Commission approves Ayres project

The Fountain Valley Planning Commission voted Wednesday to approve a four-story hotel, 88 residential units and retail space near the 405 Freeway in place of a vacant insurance company.

The vote, however, flew in the face of many residents who oppose the traffic, density and noise they say the project will bring to their neighborhood.

The Fountain Valley Civic Center Specific Plan, which was brought forward by the Olson Co. and Ayres Hotels, passed in a 3-to-2 vote with Chairman Bradley Gaston and commission member Carol Proctor opposing, said Fountain Valley Planning Secretary Amanda DeForest.

The project is scheduled to go before the City Council March 6.

The 124-room Ayres Hotel will take up about two of the 8.62 acres in the 17000 block of Brookhurst Street. The rest of the land will consist of 61 townhomes, 27 single family homes and 2,300 square feet that could be used for retail, such as dining and shopping, or a storage facility, said Planner Steven Ayers.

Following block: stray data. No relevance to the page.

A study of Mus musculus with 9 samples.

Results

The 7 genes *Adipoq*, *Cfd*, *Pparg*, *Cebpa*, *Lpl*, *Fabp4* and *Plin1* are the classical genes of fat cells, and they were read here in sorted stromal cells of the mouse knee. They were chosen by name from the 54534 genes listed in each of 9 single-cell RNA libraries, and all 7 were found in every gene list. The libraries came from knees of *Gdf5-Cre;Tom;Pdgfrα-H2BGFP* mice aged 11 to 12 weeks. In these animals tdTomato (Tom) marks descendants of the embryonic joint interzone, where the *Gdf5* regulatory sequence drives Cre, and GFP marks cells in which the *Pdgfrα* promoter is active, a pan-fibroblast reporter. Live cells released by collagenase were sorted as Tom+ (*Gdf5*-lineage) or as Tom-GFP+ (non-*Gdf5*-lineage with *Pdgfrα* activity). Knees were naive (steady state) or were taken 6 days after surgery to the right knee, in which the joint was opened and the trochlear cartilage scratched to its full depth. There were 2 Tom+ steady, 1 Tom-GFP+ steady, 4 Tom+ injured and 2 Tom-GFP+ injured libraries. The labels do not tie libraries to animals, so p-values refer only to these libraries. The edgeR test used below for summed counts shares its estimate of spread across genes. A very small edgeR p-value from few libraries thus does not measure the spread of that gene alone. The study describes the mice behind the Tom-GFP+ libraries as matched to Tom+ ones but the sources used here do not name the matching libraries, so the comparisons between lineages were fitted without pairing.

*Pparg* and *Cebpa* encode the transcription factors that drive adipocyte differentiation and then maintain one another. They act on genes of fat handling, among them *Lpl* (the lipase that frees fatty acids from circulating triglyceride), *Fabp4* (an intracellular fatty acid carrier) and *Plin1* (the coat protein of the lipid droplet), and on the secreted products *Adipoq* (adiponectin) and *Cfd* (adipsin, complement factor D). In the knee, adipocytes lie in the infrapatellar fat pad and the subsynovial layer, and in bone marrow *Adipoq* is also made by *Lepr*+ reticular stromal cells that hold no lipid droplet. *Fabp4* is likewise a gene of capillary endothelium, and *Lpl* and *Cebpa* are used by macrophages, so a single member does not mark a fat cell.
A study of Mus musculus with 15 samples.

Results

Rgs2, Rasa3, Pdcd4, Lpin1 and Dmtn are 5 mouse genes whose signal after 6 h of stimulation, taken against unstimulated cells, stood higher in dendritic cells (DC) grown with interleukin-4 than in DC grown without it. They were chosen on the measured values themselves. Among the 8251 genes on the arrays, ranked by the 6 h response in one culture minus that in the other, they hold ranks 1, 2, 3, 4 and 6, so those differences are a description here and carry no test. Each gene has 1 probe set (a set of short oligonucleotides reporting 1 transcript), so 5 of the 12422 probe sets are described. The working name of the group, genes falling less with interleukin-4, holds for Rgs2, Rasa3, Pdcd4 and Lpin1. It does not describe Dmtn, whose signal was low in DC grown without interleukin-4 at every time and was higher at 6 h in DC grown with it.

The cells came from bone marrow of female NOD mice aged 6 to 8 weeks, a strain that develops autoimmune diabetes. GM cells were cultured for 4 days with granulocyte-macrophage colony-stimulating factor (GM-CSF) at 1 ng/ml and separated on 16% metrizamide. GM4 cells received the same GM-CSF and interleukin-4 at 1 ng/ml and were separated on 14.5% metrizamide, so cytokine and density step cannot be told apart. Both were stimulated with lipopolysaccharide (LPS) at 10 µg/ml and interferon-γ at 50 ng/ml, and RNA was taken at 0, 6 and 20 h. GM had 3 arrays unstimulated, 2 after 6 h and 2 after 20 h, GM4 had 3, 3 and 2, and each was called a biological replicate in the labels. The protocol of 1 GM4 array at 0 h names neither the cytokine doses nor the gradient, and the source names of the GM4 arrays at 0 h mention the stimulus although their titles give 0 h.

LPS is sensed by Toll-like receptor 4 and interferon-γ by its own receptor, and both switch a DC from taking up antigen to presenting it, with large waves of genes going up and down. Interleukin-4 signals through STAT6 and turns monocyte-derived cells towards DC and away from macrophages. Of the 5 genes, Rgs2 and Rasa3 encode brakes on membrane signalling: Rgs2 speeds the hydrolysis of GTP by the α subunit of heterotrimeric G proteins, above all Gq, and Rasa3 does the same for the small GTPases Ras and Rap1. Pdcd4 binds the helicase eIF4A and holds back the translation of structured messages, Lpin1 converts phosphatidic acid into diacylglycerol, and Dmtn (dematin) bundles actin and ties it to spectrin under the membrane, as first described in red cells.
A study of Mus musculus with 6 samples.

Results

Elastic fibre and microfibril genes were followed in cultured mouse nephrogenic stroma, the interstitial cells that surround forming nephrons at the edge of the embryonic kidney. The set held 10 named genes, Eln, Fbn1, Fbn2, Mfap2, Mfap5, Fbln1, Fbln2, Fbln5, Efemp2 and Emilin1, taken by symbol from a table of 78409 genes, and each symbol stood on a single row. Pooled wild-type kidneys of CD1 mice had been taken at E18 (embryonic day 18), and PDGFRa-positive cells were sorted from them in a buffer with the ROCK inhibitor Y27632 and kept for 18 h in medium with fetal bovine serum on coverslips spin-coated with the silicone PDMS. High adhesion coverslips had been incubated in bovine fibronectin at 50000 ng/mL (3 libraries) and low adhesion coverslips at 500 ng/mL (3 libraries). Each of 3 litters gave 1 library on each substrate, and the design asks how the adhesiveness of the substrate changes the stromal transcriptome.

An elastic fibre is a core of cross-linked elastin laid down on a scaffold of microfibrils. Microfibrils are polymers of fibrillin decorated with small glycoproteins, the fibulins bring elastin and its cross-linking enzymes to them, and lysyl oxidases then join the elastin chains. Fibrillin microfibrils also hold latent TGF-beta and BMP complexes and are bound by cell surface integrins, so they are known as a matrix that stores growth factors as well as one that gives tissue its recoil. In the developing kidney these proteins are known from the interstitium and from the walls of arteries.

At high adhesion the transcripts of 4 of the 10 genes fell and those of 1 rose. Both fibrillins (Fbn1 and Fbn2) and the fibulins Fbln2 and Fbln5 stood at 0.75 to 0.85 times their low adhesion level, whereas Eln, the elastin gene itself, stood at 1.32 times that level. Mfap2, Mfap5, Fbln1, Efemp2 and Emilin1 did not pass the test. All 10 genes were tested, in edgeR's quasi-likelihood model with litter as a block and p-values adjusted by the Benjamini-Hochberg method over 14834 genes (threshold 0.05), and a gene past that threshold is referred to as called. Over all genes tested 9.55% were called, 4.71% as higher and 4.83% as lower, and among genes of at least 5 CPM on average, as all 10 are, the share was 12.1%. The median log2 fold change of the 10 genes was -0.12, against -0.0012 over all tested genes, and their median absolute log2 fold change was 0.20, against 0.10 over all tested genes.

There's also a police department storage facility that could remain in place or be replaced by retail, Ayers said.

The project is expected to revitalize the area and bring businesses in place of the insurance company, which has been vacant for at least seven years. But residents say the project will bring crime, traffic congestion and lack of parking.

Some have circulated fliers around the neighborhood asking residents to oppose the project. A packed room of residents spoke against the project during the Feb. 8 Planning Commission meeting, when it was originally scheduled for a vote.

Don Ayres, a principal for the family-owned hotel company, said he understands the concerns of the residents but sees the project as a positive addition to the city.

"We understand the concerns of everyone, but I think the Olson Co. has done a great job in downsizing the project, and it's been a great partnership for us because we feel they've done a great job," Ayres said. "Overall, it'll work its course. People down the road will say, 'This is OK. This will be a benefit in the long run.' We all see it in all of our neighborhoods."